Chinese President Xi Jinping (習近平) said officials should not be judged solely on their record in boosting GDP, the latest signal that Chinese policymakers are prepared to tolerate slower economic expansion.
The Chinese Communist Party (CCP) should instead place more importance on achievements in improving people’s livelihood, social development and environmental quality when evaluating the performance of officials, Xinhua news agency reported on Saturday, citing Xi at a meeting on personnel management on the eve of the 92nd anniversary of the party’s founding.
Xi’s comments follow remarks he made in May that China would not sacrifice the environment to ensure short-term growth, and take place as the world’s second-largest economy undergoes its worst cash crunch in at least a decade as the government seeks to wring speculative lending out of the banking system.
“Xi is further legitimizing the case for slower growth,” said Andy Mantel, chief executive officer of Pacific Sun Advisors, an asset manager in Hong Kong that invests in Chinese stocks.
“It is important to let local government officials know there is less importance of non-stop economic growth. There will be less pressure for local government officials to pump up their economic growth forecasts,” he said.
China needs growth of about 7 percent to double per capita GDP by 2020 from the level in 2010, Chinese Prime Minister Li Keqiang (李克強) said on May 27 in Berlin after meeting with German Chancellor Angela Merkel during his first trip abroad as premier.
That is down from an average pace of 10.5 percent a year over the past decade, with growth driven by surging credit, government investment and exports.
The credit crunch has increased chances that the Chinese government will miss its 7.5 percent annual target for economic growth this year, according to Goldman Sachs Group Inc.
Xi’s comments “reinforce our view” that there is a 30 percent chance growth may slump below 7 percent in the third or fourth quarter, said Zhang Zhiwei (張智威), Nomura Holdings Inc’s chief China economist in Hong Kong.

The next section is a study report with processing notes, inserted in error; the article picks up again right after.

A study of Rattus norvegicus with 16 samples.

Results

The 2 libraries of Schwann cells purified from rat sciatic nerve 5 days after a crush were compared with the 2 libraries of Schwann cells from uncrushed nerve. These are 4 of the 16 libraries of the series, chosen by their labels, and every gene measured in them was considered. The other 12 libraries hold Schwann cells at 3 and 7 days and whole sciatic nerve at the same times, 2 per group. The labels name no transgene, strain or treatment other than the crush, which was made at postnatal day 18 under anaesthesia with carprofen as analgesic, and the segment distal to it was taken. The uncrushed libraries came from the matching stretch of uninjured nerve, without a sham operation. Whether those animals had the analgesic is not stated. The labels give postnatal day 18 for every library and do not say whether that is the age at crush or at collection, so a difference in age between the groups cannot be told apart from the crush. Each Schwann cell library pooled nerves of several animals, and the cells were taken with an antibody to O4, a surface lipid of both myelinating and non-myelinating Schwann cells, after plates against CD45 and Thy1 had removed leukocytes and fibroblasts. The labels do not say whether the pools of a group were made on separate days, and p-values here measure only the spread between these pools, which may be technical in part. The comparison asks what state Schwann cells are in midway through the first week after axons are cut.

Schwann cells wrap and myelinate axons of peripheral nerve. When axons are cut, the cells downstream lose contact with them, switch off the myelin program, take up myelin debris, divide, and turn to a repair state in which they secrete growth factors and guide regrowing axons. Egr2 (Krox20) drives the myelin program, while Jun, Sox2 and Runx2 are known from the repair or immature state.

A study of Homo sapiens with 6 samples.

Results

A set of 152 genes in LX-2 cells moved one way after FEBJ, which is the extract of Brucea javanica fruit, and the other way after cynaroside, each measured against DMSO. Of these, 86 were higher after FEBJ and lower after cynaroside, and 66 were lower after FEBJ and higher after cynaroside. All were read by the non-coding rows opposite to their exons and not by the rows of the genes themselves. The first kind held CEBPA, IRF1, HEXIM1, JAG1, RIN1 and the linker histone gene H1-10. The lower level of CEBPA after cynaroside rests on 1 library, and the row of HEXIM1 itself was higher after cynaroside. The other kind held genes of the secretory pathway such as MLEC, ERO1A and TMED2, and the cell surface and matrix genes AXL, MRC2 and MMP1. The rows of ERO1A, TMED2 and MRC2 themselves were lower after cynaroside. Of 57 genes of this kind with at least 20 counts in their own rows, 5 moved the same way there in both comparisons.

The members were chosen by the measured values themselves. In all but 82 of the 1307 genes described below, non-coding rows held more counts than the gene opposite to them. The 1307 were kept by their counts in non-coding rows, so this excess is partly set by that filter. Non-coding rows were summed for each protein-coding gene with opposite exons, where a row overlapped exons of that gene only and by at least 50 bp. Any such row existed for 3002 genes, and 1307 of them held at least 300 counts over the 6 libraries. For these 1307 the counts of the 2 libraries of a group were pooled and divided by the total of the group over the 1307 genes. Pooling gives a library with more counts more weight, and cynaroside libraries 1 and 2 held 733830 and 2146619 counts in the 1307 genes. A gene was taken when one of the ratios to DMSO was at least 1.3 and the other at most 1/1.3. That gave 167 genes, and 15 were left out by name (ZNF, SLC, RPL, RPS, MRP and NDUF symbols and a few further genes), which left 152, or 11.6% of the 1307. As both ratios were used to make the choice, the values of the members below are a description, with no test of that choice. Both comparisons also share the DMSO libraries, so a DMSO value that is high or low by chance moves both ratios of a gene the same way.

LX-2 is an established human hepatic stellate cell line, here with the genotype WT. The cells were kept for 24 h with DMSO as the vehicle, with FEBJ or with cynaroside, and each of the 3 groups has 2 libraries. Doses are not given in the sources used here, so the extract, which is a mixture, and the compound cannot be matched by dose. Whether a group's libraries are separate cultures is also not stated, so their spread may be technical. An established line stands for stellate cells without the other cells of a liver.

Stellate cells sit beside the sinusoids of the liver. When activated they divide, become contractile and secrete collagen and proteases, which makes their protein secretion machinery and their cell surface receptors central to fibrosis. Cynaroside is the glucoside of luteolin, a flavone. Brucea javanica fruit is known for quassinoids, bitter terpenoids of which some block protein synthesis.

Shang Fulin (尚福林), chairman of the China Banking Regulatory Commission, in his first public comments since the country’s worst cash crunch in at least a decade, said on Saturday the operations of its lenders will not be disrupted because they have built up sufficient cash reserves.
The slowing pace of economic growth in China remains within a “reasonable” range and the economy is stable, People’s Bank of China Governor Zhou Xiaochuan (周小川) said on Friday in his first comments since the cash crunch.
Zhou also sought to soothe concerns of a further deceleration of growth, saying he is fully confident in China’s economic prospects and financial system.
At the work meeting on personnel, Xi said that the CCP’s organization departments should place integrity before capability when promoting officials, and urged that disciplinary violations and corruption be punished during official selection procedures, Xinhua said.
Cadres should be “true believers of Marxism,” exercise their power carefully and resist corruption, Xi said, according to Xinhua.
“Xi’s speech includes a forward-looking recognition that obsessive emphasis on economic growth targets is obsolete and must now be balanced against vital environmental and social concerns,” said William Overholt, a senior research fellow at Harvard University’s John F. Kennedy School of Government in Cambridge, Massachusetts.